If you are a self-proclaimed shopaholic, then it might be time to close up shop indefinitely.

You might have a laundry list that could rival Bridget Jones’ diary. For instance, neither you nor your Mr. Darcy loves your “wobbly bits” per se. Bridget drowned in Vodka and sappy love songs; you don’t choose “Vodka. And Chaka Khan,” you just choose to shop.


While retail therapy seems harmless enough, it isn’t. In the medical circle, your shopping habit is known as oniomania. Compulsive shopping after a fight with your partner or after receiving a blow to your ego is a coping mechanism. Instead of dealing with the feelings of low self-esteem, anxiety, depression, loneliness or anger, many people turn to retail therapy for a “pick me up.”

A shopping addiction rounds up the top three most common types of addictions – alcohol and food. There is no universal definition of a shopping addiction. Some shopping addicts go through shopping spurts, especially during the holidays, or from emotional triggers. Others have the compulsion to shop throughout the year.

The Guardian reported that 8-16 percent of people, or around 8 million Brits, are affected by some form of oniomania. While women are notoriously stereotyped to shop till they drop, the research data actually supports this. Stanford University Professor Lorrin Koran claimed that over 90 percent of oniomania sufferers are women; you can blame serotonin levels for that.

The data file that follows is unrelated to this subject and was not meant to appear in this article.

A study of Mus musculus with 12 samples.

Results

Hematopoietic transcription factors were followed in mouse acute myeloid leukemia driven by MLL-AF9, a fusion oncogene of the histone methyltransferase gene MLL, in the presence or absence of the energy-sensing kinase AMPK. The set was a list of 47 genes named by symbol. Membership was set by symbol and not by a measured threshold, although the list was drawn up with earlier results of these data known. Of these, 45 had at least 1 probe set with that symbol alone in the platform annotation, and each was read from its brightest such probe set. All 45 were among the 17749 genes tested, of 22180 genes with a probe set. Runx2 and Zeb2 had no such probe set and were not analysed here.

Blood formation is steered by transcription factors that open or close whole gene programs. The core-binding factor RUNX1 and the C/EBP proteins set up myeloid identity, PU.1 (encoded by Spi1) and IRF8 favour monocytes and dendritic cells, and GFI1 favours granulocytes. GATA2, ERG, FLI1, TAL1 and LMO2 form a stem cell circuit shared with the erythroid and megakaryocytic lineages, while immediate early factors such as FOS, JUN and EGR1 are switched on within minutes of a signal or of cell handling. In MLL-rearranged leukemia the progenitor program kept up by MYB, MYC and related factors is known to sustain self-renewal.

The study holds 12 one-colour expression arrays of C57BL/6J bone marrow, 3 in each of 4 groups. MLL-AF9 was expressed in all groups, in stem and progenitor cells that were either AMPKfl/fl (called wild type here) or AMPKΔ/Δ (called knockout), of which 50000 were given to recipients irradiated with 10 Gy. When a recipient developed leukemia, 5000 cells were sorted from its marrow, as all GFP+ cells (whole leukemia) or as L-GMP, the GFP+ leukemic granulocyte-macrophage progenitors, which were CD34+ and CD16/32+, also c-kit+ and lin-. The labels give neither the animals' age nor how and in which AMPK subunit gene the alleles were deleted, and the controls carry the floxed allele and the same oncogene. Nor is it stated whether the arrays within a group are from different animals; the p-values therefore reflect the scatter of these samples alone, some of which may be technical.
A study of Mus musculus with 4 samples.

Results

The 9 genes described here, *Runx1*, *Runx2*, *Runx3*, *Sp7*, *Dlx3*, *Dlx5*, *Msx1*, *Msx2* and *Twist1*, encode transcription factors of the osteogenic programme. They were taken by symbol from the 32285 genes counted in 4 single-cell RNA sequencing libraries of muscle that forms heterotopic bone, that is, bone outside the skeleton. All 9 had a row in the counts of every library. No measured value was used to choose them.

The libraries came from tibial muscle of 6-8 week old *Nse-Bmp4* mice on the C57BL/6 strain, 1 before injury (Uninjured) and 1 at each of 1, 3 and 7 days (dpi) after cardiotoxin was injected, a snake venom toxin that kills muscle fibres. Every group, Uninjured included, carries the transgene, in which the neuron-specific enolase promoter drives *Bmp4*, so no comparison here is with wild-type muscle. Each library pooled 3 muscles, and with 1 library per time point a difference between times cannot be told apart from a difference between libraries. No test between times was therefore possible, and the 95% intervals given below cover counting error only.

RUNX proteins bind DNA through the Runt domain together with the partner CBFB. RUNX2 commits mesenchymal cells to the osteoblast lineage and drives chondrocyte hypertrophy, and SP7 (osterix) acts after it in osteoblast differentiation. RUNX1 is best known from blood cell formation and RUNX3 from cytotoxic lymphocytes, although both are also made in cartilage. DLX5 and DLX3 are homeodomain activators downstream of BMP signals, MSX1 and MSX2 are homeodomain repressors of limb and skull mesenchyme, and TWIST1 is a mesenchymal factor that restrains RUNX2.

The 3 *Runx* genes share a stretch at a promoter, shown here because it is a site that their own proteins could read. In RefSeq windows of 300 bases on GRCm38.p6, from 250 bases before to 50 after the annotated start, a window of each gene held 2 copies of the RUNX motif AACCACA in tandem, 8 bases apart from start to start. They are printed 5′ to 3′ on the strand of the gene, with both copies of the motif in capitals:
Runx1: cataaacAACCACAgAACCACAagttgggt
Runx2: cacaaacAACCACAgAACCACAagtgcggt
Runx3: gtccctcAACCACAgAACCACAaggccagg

Your seemingly benign addiction can have major consequences. After the short high from shopping, many shopping addicts add feelings of shame, anxiety and guilt to what led them to go on their shopping spree in the first place. Apart from being emotionally taxing, debts rack up too and you could end up needing professional money help all because of to your retail therapy. Your retail therapy could also land you in couple’s therapy as many relationships are strained because the partner of the revenge shopper can feel very betrayed and hurt.

If you feel like you need it, then professional help is always available. If you still feel in control of your shopping, then there is a lot that you can do to help yourself too. It’s about learning what Bridget Jones had to learn – liking yourself just the way that you are. Until you get there, treat yourself to some Chaka Khan.

ABOUT THE AUTHOR:

Peter has received many accreditation's including many from the Times Online. As founder of You Could Save (2005) and What Stationers (2007) Peter regularly helps consumers and national organisation ‘save money’. He believes that the only successful way to bring people together online is to provide an open marketplace where people can all work together in a friendly, unbiased environment. You can contact Peter Millikin either through his Google+ account or via his websites.